US court says Trump travel ban unlawfully discriminates against Muslims

A federal appeals court ruled on Thursday that President Donald Trump’s travel ban targeting people from six Muslim-majority countries violates the US Constitution by discriminating on the basis of religion. (AFP)
Updated 15 February 2018

US court says Trump travel ban unlawfully discriminates against Muslims

WASHINGTON: President Donald Trump’s travel ban targeting people from six Muslim-majority countries violates the US Constitution by discriminating on the basis of religion, a federal appeals court ruled on Thursday in another legal setback for the policy.
The Richmond-based 4th US Circuit Court of Appeals, on a 9-4 vote, became the second federal appeals court to rule against the ban, finding that the Republican president’s own words demonstrated that bias against Muslims was the basis of the policy.
The US Supreme Court has allowed the ban, put in place by Trump with a presidential proclamation in September, to go into effect while litigation challenging it continues.
The 4th Circuit ruling went further than the earlier decision by the San Francisco-based 9th US Circuit Court of Appeals, which found the ban violated federal immigration law but did not address the question of whether it also violated the Constitution. The Supreme Court already has said it will consider both issues in deciding the legality of the ban in the coming months.
The justices are due in April to hear arguments over the ban and issue a ruling by the end of June.
“Examining official statements from President Trump and other executive branch officials, along with the proclamation itself, we conclude that the proclamation is unconstitutionally tainted with animus toward Islam,” 4th Circuit Chief Judge Roger Gregory wrote in the ruling.
The travel ban challengers “offer undisputed evidence of such bias: the words of the President,” Gregory wrote, noting Trump’s “disparaging comments and tweets regarding Muslims.”
As a candidate, Trump promised “a total and complete shutdown of Muslims entering the United States.” The court also took note of the fact that Trump in November shared on Twitter anti-Muslim videos posted by a far-right British political figure.
In the main dissenting opinion, Judge Paul Niemeyer said the courts should be deferential to the president on matters of national security. Niemeyer criticized the majority, saying his colleagues applied “a novel legal rule that provides for the use of campaign-trail statements to recast later official acts of the president.”
Trump’s policy, the third version of the ban that he has issued since taking office in January 2017, blocks entry into the United States of most people from Chad, Iran, Libya, Somalia, Syria and Yemen. Trump has said the policy is needed to protect the United States from terrorism by militants.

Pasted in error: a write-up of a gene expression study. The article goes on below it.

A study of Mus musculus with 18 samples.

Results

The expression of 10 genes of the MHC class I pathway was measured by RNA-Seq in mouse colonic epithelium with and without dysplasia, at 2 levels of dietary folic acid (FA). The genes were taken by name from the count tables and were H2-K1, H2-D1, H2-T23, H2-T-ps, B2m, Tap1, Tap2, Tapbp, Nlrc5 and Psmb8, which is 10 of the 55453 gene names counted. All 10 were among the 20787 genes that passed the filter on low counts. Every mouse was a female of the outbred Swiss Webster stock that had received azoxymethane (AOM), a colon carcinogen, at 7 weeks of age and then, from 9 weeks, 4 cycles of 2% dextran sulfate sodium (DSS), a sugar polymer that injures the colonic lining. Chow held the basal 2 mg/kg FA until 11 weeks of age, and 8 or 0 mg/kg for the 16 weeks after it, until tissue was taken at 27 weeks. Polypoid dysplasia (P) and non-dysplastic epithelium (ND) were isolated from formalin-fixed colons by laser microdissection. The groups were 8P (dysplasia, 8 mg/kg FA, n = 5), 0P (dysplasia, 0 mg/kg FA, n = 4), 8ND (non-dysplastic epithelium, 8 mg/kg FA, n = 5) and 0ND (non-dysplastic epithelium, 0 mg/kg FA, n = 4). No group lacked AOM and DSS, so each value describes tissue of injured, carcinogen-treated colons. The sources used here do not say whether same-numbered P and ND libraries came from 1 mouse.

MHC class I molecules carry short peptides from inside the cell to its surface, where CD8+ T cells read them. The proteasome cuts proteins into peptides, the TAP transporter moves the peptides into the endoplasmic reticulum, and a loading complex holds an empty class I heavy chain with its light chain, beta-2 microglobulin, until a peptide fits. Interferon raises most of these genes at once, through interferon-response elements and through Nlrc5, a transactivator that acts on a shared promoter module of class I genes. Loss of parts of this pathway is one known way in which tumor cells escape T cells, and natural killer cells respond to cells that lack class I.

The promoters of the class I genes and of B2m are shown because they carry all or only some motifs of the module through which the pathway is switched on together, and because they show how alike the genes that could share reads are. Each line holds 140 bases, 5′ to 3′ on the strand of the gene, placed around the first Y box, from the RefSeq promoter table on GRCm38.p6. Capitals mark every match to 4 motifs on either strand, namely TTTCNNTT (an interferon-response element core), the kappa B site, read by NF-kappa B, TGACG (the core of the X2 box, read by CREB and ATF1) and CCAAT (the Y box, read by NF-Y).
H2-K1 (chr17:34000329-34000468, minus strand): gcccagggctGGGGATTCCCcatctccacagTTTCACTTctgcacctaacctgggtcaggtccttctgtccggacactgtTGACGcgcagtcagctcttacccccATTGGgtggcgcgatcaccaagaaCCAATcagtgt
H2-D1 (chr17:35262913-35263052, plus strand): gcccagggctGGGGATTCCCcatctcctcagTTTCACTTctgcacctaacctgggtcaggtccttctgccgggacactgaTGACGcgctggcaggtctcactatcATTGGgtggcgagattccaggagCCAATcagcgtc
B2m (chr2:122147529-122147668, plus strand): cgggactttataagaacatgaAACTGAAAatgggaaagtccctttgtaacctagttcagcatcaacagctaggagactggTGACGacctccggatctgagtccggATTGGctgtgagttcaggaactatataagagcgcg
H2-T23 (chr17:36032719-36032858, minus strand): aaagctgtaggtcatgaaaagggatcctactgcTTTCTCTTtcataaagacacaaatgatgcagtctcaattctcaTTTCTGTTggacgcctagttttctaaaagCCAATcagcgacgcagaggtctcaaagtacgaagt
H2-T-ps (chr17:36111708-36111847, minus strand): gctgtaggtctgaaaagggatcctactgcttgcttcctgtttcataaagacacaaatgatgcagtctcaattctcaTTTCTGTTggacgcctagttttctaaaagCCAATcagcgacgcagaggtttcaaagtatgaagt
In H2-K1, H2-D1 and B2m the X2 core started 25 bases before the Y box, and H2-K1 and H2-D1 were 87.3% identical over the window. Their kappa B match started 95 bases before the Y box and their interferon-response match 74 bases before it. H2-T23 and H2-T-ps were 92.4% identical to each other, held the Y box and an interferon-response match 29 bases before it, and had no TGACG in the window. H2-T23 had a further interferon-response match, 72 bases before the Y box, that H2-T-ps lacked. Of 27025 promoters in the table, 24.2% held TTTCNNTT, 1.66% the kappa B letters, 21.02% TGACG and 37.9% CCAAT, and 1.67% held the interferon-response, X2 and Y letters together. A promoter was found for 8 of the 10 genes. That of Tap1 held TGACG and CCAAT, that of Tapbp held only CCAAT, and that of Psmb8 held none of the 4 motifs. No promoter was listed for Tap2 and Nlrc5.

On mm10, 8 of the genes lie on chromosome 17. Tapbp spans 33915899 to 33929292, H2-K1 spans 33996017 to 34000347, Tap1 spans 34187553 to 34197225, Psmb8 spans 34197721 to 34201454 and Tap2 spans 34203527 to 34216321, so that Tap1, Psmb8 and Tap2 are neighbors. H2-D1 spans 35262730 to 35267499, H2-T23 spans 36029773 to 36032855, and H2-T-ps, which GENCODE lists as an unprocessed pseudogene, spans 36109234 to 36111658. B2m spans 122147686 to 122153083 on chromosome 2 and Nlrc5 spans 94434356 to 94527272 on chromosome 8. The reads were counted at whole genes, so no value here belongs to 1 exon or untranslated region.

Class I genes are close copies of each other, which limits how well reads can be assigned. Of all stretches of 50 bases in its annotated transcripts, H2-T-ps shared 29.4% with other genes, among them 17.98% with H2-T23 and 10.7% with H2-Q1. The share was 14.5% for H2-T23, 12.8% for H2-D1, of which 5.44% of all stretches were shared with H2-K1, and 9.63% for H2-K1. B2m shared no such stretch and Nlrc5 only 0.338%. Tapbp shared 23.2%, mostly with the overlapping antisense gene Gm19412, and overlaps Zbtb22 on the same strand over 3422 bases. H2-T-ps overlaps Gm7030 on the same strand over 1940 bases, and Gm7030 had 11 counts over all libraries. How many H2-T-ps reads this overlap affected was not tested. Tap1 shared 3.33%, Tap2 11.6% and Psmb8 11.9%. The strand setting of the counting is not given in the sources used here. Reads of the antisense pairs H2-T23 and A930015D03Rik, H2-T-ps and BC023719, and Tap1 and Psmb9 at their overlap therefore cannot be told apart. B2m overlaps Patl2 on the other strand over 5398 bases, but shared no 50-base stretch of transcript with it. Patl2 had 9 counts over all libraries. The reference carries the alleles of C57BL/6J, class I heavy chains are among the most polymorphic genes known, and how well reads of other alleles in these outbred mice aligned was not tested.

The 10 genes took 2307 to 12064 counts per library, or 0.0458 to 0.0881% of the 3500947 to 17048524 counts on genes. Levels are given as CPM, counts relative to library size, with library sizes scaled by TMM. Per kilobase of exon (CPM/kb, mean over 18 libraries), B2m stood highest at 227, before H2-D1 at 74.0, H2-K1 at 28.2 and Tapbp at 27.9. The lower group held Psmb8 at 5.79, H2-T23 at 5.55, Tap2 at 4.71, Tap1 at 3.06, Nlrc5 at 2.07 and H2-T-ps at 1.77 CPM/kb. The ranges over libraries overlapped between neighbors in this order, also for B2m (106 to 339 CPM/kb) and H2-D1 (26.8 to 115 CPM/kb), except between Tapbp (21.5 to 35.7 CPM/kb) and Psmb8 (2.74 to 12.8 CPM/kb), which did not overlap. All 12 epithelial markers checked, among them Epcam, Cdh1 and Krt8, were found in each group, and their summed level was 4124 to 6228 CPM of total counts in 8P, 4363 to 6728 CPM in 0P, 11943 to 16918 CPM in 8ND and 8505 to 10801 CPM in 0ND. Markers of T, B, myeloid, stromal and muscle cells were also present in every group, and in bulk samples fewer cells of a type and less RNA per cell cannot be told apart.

Thursday’s ruling upheld a Maryland-based district court judge’s decision in a case brought by the American Civil Liberties Union, which represents several advocacy groups including the International Refugee Assistance Project.
“President Trump’s third illegal attempt to denigrate and discriminate against Muslims through an immigration ban has failed in court yet again. It’s no surprise,” ACLU lawyer Cecillia Wang said.


Japan to send own force, won’t join US coalition for Mideast

Updated 46 sec ago

Japan to send own force, won’t join US coalition for Mideast

  • In June, a Japanese-operated tanker was attacked in the Gulf of Oman, and the US said Iran was responsible
  • US-Iranian relations have deteriorated since President Donald Trump last year pulled out of the 2015 nuclear deal
TOKYO: Japan’s government said Friday it has decided not to join a US coalition to protect commercial vessels in the Middle East but is preparing to send its own force to ensure the safe shipment of oil to Japan.
Chief Cabinet Secretary Yoshihide Suga said that Japan will keep cooperating closely with Washington even if it won’t join the initiative the US says is aimed at protecting commercial tankers from alleged Iranian attacks.
“Peace and stability in the Middle East is extremely important for the international society, including Japan,” Suga said at a news conference. “After we studied comprehensively what measures can be most effective, we have decided to pursue our own measures separately.”
Japan’s energy needs rely heavily on oil imports. It has kept friendly ties with Iran and is reluctant to join such a force.
Japanese Prime Minister Shinzo Abe has tried to help ease tension between Washington and Tehran.
US-Iranian relations have deteriorated since President Donald Trump last year pulled out of the 2015 nuclear deal between Iran and world powers and re-imposed sanctions that deteriorated the Iranian economy. Iran has since begun breaking terms of the deal.
The tensions have included seizures of oil tankers at sea.
Suga said Japan plans to deploy warships initially for information gathering purposes to the Gulf of Oman, the Northern Arabian Sea and nearby waters, but did not include the Strait of Hormuz at the center of the US-Iran tension. Warships are expected to Timing of a dispatch hasn’t been decided.
Sending warships to areas of military tension is a highly sensitive issue in Japan, where its pacifist postwar constitution strictly limits use of force to the country’s self-defense only. Prime Minister Shinzo Abe, however, has gradually expanded Japan’s military role.
In June, a Japanese-operated tanker was attacked in the Gulf of Oman, which Washington said Iran was responsible and urged Japan to join the US-led military initiative.